Reeling in the New Indies

April 15, 1999|KEVIN THOMAS | TIMES STAFF WRITER

The Los Angeles Independent Film Festival, which opens its fifth edition tonight at 7:30 at the Directors Guild of America with a premiere of Phil Joanou's meditation on love and loss, "Entropy," offers a clutch of vibrant, venturesome pictures. Among them is Nickolas Perry's tender, heart-wrenching "Speedway Junky" (Monday at 10 p.m.), in which Jesse Bradford plays a naive young man with dreams of becoming a race car driver who hitches a ride to Las Vegas, where he swiftly ends up in the streets. Taking him in tow is the seasoned but vulnerable gay hustler Eric (Jordan Brower). "Speedway Junky," which features Jonathan Taylor Thomas as a ruthless hustler and Daryl Hannah as Eric's compassionate ex-showgirl friend, are also impressive. Gus Van Sant served as executive producer.

Ash, who made a notable debut with "Bang" at the festival in 1995, returns with another strong, edgy film in "Pups" (Sunday at 3:05 p.m.), in which a bright, hyper 13-year-old (Cameron Van Hoy) comes across his mother's handgun. On the way to school, he and his girlfriend (Mischa Barton) hold up a bank and end up taking hostages in a standoff with an FBI team led by a seen-it-all veteran (Burt Reynolds, in a fine, understated performance).

Andrew Dosunmu's captivating documentary "Hot Irons" (Saturday at 11 a.m) celebrates the artistry and ingenuity of the hair stylists in Detroit's black community. Nicole Cattell's accompanying "Come Unto Me: The Faces of Tyree Guyton" documents the controversial efforts of Detroit artist Guyton to transform a blighted block with brightly painted junk assemblages and murals.

David Schisgall's "The Lifestyle" (at the Directors Guild on Saturday at 3:40 p.m. and at Harmony Gold Preview House, 7655 Sunset Blvd., on Sunday at 5:15 p.m.) is sure to be one of the most talked-about films in the festival, a candid (and then some) documentary on swingers, mainly middle-aged and older, who are otherwise conventional, even conservative, couples who spice up their lives with multiple sex partners. Other films that have developed a buzz: "Saturn," "Pop & Me," "The Dream Catcher," "Hit and Runway" and "Bellyfruit." Closing the festival is "The Big Brass Ring," which writer F.X. Feeney and director George Hickenlooper adapted from a script by Orson Welles with Oja Kodar. The Directors Guild is located at 7920 W. Sunset Blvd. For full schedule: (888) ETM-TIXS.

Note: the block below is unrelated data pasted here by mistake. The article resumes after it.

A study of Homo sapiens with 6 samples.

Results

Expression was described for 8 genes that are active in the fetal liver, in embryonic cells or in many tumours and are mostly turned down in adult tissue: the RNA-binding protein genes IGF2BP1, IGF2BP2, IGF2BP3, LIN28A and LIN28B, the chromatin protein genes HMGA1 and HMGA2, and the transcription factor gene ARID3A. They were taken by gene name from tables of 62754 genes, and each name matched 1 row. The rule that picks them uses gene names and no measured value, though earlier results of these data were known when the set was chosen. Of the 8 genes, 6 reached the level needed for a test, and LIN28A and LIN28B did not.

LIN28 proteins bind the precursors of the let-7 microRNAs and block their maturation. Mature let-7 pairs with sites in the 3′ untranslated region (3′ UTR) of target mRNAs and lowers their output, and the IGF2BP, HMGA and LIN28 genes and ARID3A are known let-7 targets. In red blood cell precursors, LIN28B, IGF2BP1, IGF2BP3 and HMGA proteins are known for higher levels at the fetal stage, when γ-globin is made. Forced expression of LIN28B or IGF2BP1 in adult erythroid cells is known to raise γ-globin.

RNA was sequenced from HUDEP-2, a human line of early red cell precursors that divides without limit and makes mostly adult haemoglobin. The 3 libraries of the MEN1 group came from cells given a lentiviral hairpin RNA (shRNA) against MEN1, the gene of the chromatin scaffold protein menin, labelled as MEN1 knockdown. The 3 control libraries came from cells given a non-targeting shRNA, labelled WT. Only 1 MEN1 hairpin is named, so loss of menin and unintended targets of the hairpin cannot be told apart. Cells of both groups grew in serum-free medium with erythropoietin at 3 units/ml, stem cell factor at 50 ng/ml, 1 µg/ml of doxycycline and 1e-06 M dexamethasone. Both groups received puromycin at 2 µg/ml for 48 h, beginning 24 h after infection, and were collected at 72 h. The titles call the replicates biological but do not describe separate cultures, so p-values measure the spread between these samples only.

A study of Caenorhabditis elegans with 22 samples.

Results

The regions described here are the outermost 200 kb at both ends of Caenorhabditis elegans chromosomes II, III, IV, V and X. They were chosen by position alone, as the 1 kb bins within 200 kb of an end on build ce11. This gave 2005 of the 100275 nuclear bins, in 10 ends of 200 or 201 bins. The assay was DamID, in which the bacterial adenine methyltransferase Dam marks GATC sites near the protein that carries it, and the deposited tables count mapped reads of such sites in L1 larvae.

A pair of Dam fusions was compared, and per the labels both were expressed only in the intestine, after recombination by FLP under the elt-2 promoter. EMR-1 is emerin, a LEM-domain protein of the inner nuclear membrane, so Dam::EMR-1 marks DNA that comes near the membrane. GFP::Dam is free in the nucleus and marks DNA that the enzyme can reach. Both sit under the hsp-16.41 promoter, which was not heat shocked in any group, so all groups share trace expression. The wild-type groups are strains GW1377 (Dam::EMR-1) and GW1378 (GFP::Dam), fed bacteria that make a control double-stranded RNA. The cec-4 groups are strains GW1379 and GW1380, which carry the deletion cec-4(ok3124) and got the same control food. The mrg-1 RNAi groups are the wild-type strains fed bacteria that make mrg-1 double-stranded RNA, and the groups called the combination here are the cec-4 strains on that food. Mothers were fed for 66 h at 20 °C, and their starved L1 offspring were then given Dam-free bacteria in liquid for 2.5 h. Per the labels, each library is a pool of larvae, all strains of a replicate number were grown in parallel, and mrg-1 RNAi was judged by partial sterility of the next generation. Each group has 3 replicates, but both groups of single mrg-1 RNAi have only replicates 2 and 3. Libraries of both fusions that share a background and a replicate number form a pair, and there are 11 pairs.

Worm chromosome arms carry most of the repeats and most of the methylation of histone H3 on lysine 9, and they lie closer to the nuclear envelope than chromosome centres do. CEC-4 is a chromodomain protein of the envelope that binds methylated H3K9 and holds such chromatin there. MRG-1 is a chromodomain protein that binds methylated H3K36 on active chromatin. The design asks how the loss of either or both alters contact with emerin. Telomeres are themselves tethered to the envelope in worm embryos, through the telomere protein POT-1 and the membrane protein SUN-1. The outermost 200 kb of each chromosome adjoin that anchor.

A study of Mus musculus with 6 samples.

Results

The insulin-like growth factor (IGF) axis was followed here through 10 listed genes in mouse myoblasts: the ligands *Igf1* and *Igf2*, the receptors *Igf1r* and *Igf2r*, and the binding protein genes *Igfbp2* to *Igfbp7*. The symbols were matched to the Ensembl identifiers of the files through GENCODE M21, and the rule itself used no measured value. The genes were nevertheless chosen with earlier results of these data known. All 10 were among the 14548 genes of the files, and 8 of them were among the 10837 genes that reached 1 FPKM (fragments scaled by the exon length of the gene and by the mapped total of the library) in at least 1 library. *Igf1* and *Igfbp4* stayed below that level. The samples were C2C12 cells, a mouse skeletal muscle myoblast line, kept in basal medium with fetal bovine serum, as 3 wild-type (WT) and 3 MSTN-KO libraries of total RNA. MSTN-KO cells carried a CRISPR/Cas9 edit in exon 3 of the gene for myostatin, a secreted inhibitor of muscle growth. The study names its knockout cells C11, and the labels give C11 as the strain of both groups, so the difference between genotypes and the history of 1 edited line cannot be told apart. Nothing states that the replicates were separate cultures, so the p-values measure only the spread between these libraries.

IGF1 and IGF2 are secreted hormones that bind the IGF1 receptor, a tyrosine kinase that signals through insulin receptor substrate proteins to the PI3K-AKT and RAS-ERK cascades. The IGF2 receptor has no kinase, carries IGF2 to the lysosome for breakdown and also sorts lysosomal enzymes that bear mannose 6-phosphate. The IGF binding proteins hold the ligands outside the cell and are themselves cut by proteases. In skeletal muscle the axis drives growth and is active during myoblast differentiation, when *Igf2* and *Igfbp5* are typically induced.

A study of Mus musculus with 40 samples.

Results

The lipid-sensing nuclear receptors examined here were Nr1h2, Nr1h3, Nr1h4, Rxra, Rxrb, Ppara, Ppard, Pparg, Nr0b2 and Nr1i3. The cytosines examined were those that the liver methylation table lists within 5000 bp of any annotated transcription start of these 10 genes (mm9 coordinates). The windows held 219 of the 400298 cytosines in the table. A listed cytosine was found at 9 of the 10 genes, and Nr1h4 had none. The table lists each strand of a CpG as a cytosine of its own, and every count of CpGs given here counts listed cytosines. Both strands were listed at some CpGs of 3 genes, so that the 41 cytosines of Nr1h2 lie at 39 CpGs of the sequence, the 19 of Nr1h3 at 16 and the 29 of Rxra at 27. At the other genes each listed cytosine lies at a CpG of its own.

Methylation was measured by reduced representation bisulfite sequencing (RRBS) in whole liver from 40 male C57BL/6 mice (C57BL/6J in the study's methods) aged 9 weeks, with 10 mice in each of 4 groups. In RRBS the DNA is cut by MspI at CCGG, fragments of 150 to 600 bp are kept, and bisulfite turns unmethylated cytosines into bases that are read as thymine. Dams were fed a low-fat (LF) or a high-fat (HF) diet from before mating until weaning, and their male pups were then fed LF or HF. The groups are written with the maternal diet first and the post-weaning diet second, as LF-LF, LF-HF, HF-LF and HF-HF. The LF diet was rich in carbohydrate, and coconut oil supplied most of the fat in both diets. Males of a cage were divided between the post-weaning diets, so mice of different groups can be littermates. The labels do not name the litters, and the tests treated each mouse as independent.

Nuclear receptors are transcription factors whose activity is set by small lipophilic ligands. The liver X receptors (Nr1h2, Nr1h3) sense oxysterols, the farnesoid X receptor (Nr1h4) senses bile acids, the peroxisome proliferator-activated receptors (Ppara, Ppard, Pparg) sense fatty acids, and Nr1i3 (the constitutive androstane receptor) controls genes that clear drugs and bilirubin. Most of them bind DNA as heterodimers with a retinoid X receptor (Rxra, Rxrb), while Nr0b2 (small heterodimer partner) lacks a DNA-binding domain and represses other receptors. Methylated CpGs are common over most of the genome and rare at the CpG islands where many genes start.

Hans-Christian Schmid's "23" (Sunday at 4 p.m.) is a bleak, ambitious and challenging tale about a young '80s radical (August Diehl), enthralled by a mystical text proclaiming the existence of an alternative universe. Schmid will discuss his film afterward.

While all seven offerings sound intriguing, Faith Akin's "Short Sharp Shock" (Saturday at 9:15 p.m.) is surely among the most accessible. It's a warm, gritty gangster picture set in Hamburg and centered on a group of pals of differing ethnicity in which one, recently out of prison, finds himself in conflict over his desire to go straight and in his sense of loyalty to his comrades. (323) 466-FILM.


Michael Katz's "California Myth," opening Friday at the Monica 4-Plex, is a competently made but routine midlife-crisis drama starring Tyrone Power Jr., a capable actor who's as handsome as his famous father. Sherry Hursey co-stars as his level-headed, pregnant wife. (310) 394-9741.

Another routine entry, "Do You Wanna Dance?," which opens Friday at the Music Hall, is a trite, sentimental tale about a dance instructor (Robert Krantz, who also wrote and produced the film), who in a scrape with the law is ordered to perform 500 hours of community service. He winds up in Chicago's Greek community, where under the supervision of a priest (Robert Costanzo), he's supposed to teach dance to elderly parishioners as a form of exercise. What he's not supposed to do is pursue the pretty daughter (Patricia Skeriotis) of one of the richest, most powerful members of the church. Directed by Michael Achilles Nickles. (310) 274-6869.

Note: "Universal Hitchcock," 13 films from the master of suspense, runs Friday through May 6 at the Nuart Theatre. (310) 478-6379.